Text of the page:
The Rise and Fall of Plymouth
May 22, 2009
The Plymouth division was created by Chrysler in 1928. The original emblem featured a view of the Mayflower landing at Plymouth Rock, however the name was actually chosen for the Plymouth Binder twine, which was quite popular with farmers, one of the segments of the population Chrysler was hoping to attract. Early in the history of Chrysler, of which Plymouth is a division, the founder of Chrysler Corporation Walter P. Chrysler had taken control of the financially ailing Maxwell-Chalmers car company. The Maxwell automobile was a part of this package. In a stroke of genius, Chrysler decided to put the Maxwell car to good use. He had been toying with the idea of creating an economy class of vehicles with very attractive priced. The Maxwell car fit in with this plan. The car was soon reworked and renamed the Chrysler 52 model. The low-end market had been previously dominated by Chevrolet and Ford.
While Plymouth vehicles were priced slightly higher than other brands in the same division, the beauty of a Plymouth was that it offered as standard features, its competition lacked. Expanding hydraulic brakes were of these standard features. Consumers at that time felt that stopping the car efficiently was a feature worth paying for!
The Plymouth division was a hit with buyers from the outset; however, it had yet to prove its real worth. This importance would become very apparent entering the 1930’s. It was the Plymouth line up that allowed Chrysler to survive the Great Depression and the period immediately after when so many car manufacturers of the time went under.
The forties and fifties were good years for Plymouth. The cars had a reputation for durability, affordability and engineering. The company offered stiff competition for both Chevrolet and Ford. The design department for Chrysler’s economy division came up with a forward-looking theme and the advanced styling they engineered was very popular with consumers.
Unfortunately, the sixties were not as kind as the earlier decade had been and Plymouth saw its share of the market quickly eroded. Matters were made when the Plymouth was forced to compete against Dodge, another of Chrysler’s divisions. Dodge also marketed lower priced cars, particularly the Dodge Dart. The Dart was had a slant six engine that was incredibly reliable and Plymouth had a difficult time competing. The sixties began a downward spiral that the once popular division would never fully recover.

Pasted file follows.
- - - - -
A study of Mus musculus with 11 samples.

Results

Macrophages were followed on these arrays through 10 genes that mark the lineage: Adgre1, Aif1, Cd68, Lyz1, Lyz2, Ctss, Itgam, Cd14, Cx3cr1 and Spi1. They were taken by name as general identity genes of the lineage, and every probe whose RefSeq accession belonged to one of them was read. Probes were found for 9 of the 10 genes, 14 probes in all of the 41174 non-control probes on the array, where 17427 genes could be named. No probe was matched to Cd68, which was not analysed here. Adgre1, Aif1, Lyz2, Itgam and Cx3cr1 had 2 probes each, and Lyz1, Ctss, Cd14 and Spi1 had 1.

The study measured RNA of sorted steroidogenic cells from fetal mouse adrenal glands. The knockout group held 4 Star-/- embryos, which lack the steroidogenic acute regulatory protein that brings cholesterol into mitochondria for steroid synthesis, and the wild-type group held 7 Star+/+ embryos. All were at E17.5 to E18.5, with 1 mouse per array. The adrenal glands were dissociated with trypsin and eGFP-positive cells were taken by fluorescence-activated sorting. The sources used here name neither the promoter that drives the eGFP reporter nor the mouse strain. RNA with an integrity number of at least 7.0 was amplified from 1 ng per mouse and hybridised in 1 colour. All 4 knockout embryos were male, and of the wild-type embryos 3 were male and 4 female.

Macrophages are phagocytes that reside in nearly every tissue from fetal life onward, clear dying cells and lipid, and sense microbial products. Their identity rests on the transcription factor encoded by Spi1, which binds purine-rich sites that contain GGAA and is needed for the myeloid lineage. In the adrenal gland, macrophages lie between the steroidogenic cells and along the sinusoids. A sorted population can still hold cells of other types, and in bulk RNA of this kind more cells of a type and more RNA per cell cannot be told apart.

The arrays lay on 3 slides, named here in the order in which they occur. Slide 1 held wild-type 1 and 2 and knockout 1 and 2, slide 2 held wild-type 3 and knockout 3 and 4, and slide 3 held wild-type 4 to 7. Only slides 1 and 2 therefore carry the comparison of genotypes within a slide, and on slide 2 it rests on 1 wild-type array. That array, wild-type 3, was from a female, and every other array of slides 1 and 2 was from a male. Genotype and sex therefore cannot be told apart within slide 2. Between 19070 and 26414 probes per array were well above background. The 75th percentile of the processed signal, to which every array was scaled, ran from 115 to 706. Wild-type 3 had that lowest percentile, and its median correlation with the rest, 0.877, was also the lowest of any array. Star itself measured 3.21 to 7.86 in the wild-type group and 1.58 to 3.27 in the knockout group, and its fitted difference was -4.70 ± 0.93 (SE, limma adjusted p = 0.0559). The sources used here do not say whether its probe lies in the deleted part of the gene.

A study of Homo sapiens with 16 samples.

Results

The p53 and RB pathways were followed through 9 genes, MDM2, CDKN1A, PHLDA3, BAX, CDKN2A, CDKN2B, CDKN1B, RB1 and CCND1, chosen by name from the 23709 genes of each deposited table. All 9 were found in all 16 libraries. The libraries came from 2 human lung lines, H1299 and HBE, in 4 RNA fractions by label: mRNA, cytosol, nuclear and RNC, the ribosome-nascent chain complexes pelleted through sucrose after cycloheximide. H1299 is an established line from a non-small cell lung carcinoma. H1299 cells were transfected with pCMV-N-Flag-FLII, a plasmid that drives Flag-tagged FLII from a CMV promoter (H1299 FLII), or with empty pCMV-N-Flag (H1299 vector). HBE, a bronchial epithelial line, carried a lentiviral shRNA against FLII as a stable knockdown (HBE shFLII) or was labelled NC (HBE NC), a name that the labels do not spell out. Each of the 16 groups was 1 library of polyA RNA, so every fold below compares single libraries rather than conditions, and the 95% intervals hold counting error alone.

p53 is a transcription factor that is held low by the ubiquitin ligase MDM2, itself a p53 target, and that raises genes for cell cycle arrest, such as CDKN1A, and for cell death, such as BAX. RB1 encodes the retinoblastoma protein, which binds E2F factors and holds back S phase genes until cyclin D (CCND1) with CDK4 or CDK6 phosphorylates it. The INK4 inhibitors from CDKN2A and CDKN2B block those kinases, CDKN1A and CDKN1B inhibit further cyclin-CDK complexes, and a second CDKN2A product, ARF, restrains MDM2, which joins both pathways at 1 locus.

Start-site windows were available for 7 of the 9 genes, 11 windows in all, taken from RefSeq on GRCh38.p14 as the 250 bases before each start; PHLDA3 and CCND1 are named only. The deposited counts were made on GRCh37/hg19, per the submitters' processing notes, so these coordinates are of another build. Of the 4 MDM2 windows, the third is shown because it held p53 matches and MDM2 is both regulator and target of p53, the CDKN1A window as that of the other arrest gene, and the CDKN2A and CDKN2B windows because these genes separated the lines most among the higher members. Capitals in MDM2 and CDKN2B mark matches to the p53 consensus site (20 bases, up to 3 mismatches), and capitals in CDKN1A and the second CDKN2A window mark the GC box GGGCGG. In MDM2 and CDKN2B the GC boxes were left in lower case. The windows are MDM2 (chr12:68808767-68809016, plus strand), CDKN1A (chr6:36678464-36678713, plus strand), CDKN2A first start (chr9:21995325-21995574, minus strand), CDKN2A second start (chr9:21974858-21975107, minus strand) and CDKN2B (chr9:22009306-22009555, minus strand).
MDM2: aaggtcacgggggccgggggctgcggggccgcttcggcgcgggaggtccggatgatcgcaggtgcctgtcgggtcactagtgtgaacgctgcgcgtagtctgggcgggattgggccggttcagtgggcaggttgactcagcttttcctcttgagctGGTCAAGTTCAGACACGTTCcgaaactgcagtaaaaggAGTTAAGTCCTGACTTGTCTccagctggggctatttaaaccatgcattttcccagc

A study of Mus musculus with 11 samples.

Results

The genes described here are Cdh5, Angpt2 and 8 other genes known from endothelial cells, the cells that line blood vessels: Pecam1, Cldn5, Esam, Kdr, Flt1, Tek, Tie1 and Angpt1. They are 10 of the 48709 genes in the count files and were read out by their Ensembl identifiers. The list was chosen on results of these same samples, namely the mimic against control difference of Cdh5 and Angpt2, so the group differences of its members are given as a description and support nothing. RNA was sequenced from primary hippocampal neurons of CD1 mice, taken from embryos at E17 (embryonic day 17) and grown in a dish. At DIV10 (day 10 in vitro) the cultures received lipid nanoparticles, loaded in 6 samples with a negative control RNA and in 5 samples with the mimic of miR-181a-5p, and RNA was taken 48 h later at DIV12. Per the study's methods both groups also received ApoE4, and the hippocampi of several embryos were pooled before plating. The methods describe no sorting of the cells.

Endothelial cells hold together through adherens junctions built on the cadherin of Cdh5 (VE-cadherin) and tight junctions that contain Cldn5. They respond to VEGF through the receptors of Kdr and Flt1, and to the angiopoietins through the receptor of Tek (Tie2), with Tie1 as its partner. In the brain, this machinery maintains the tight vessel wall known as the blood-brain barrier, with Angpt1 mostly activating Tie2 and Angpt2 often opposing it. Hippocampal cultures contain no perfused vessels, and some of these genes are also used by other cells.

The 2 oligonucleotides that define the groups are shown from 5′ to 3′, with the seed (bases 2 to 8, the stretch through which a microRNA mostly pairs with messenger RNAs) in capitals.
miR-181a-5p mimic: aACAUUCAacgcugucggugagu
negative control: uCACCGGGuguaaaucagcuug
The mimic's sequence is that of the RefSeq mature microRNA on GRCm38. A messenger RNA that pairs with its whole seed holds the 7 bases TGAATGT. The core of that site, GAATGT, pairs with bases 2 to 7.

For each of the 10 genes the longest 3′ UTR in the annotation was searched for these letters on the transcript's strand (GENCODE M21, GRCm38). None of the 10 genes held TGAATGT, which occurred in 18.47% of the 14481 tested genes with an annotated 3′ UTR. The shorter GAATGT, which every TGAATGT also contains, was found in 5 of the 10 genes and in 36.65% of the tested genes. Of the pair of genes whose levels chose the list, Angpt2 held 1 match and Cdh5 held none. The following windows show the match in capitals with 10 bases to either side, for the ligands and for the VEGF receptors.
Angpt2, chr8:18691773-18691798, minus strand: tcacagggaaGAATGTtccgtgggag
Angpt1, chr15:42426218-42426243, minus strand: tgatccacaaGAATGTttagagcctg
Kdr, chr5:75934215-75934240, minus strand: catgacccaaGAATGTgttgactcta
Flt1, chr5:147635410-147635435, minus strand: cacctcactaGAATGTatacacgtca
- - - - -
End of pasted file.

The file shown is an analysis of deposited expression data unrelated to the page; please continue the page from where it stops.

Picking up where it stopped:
Through the seventies and eighties, the brand did launch some popular selling vehicles such as the 1981 Reliant and the 1984 Voyager. For a while, it did appear that Plymouth would be able to pull out its slump and turn things around. As the eighties gave way to the nineties however, it was clear that Plymouth was losing more and more of its share of the market to the likes of Pontiac and even Dodge.
The merger between Chrysler and Daimler- Benz proved to be the deathblow for Plymouth. When Daimler began to look at ways to improve sales in the United States market it was clear that either the Plymouth brand or Dodge would have to go. Plymouth did not have any unique models than were not available in other types of Chryslers or Dodges. In addition, while Plymouth dealers sold other types of Chryslers, many Dodge dealerships sold only Dodges. It was this fact that prompted Daimler to give Plymouth the axe. After many long years in the car business, the Plymouth line was officially discontinued in 2001.
Ronnie Tanner is a contributing writer at SW Engines. He writes about used Plymouth engines, used transmissions and other industry specific topics.